Recently I entered a room to find a 6-year-old girl lounging on her backpack on the floor, legs crossed, ready for her check-up. “Hi, Dr. Schlegel, is being sad a feeling?”
There wasn’t any particular reason for this child to feel sad that day. She was just pondering sadness after finishing a regular day of elementary school. But there it was: “Is being sad a feeling?” And the follow up question, “Can you be happy and sad?”
I usually ask about mental health and feelings at the end of the check-up. Kids will tell me they feel sad about their dog that died. Or that their sibling didn’t share a toy. Or that a friend left them out at recess. But on this particular day, we talked about mental health first.
“Yes, being sad is a feeling. What do you think about being sad?” I asked. She answered me appropriately and then quickly transitioned to a discussion about feeling happy. As I listened to this 6-year-old speak so maturely, I felt hopeful for our future as humans.
Naturally, I had to introduce her to a quote by the philosopher Khalil Gibran that hung in my room as a teen. “The deeper sorrow cuts into your being, the more joy you can contain.” I wrote it on a piece of paper for her (in mirror-image writing, which is a weird skill I have), slapped a sticker on it, and gave it to her to take home.
That same night, I finished reading What Feels Like Bravery, by Laurel Braitman. A beautiful book that I strongly recommend, Braitman writes: “There is no such thing as happily ever after. There is only happily sad or sadly happy. And that is more than enough.” Here again, my life was presenting the concept of juxtaposed emotions. How can two opposite things exist at the same time?
My good friend, Susie, is a therapist and social worker. Through the years, she has directly and indirectly helped me understand the concept of having two feelings at once.
Susie always stresses the and when I’m talking to her about hard things, or when she’s advising me, so that my head and heart will process that this is a moment where two opposing things are possible at once. An example would be, “I love being a mother and it is the hardest thing I’ve ever done.”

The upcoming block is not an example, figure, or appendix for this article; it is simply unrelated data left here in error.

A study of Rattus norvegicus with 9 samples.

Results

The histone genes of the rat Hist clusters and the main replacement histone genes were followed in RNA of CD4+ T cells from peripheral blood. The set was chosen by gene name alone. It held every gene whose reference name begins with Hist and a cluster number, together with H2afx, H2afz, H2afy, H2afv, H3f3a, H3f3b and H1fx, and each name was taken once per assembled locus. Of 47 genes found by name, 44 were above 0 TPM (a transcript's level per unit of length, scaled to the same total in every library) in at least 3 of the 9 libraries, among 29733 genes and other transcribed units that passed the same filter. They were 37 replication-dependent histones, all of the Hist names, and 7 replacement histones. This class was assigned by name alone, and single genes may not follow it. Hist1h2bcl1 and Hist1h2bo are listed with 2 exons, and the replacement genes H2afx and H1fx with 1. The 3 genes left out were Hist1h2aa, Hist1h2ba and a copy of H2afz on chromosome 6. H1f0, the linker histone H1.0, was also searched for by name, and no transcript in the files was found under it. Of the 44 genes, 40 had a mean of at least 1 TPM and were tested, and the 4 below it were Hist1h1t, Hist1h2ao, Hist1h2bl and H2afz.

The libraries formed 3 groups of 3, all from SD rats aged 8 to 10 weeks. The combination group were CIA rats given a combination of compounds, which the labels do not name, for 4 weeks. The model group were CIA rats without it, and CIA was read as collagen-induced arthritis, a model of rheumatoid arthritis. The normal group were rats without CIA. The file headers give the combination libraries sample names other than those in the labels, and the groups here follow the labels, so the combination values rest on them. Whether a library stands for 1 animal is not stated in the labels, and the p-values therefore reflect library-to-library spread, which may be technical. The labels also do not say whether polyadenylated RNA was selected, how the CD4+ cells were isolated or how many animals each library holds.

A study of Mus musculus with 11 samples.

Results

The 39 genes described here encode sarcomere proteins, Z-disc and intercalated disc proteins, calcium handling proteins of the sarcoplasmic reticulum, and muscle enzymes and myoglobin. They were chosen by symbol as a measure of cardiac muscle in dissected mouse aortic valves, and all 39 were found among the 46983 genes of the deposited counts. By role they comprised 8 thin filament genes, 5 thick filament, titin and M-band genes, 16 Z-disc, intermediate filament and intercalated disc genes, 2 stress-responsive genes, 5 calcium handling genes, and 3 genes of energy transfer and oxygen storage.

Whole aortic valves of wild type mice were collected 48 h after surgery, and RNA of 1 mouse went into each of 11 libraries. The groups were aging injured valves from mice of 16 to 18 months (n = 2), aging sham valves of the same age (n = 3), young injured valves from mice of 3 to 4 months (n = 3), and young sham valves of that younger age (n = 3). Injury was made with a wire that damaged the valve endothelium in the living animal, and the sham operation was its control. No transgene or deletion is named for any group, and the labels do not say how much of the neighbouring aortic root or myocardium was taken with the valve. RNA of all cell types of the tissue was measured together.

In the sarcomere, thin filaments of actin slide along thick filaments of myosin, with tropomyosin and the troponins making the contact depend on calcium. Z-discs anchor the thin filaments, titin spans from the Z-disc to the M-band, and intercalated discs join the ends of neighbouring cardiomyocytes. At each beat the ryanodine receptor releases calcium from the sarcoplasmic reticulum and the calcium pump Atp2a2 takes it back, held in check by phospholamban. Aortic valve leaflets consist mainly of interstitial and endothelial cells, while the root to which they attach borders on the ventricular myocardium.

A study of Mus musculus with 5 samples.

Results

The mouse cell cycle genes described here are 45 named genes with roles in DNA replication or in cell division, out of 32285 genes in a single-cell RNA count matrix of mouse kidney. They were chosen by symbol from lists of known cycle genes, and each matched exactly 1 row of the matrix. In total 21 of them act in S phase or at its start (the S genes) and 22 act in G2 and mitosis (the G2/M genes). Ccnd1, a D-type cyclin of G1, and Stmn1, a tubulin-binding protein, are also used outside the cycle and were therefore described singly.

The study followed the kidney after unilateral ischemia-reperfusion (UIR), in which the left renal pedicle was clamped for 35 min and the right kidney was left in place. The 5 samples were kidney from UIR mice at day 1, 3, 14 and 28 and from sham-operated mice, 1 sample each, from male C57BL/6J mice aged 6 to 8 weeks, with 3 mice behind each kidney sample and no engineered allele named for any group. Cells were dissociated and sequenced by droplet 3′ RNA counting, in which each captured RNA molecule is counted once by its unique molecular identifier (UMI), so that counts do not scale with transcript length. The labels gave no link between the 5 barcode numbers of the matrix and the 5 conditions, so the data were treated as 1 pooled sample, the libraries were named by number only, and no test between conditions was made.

When children are very young, the concept of opposing emotions, or two things being true at once, is not a concept their minds can grasp. First they will learn the basic emotions we teach them. I am happy. I am sad. I am scared. I am mad.
As they grow up and their vocabulary and understanding broaden, we can give them more words for their feelings. Being angry can at its core be about feeling embarrassed, or ashamed, or slighted, or even afraid. Being happy can be about feeling proud, or hopeful, or excited, or delighted.
I think many of us are still trying to find space for opposing emotions in our adult selves, but I will propose that as we are learning this very important skill for ourselves, we also need to teach it to our children. Holding space for both emotions instead of fighting them, especially the hard ones, can bring peace.
I love being a working parent and I envy the parent who gets to attend every school function.
I love being a stay-home parent and I envy the parent who has adult interactions at work.
I am so proud of my child and I am frustrated with her choices.
I am happy because I had so many good years with my friend and I am sad that my friend died.
I am stimulated by my work and I am exhausted.
I am grieving that my son is graduating from high school and moving away, and I am so excited for his future.
Hot and cold. Happy and sad. Up and down.
I have been working within my adult self to notice triggers when I have emotions that are unpleasant. Why does that one person bring out the worst in me? What is it about this situation that makes me enraged? Is it possible that the way I feel is related to something in my past, and do I want to keep holding on to that, or let it go?
What currents are churning underneath the calm surface of my presenting self? What about my kids’ calm, presenting selves? My mother has always said about people that “still waters run deep.” The surface of the body of water is calm like a mirror, but the emotional currents underneath are in constant motion.
The world and its people and cars and noise swirl around me, and the deeply rooted tree stands still. I feel young and vibrant and also achy and perimenopausal. The rose bush in my yard has beautiful, pink flowers, and the stems have thorns that can prick my fingers.
The more we talk about feelings and emotions with the next generation, the more it will give them a head start to change the world. I am in awe of my patients who are learning to identify their emotions at such a young age. I am appreciative of the parents who teach them.
I am blessed by lessons taught to me by children whose paths cross mine. I am fearful about some aspects of the future we are leaving our children. Yet when I talk to 6-year-olds who already understand that you can hold two emotions at once, I am also hopeful.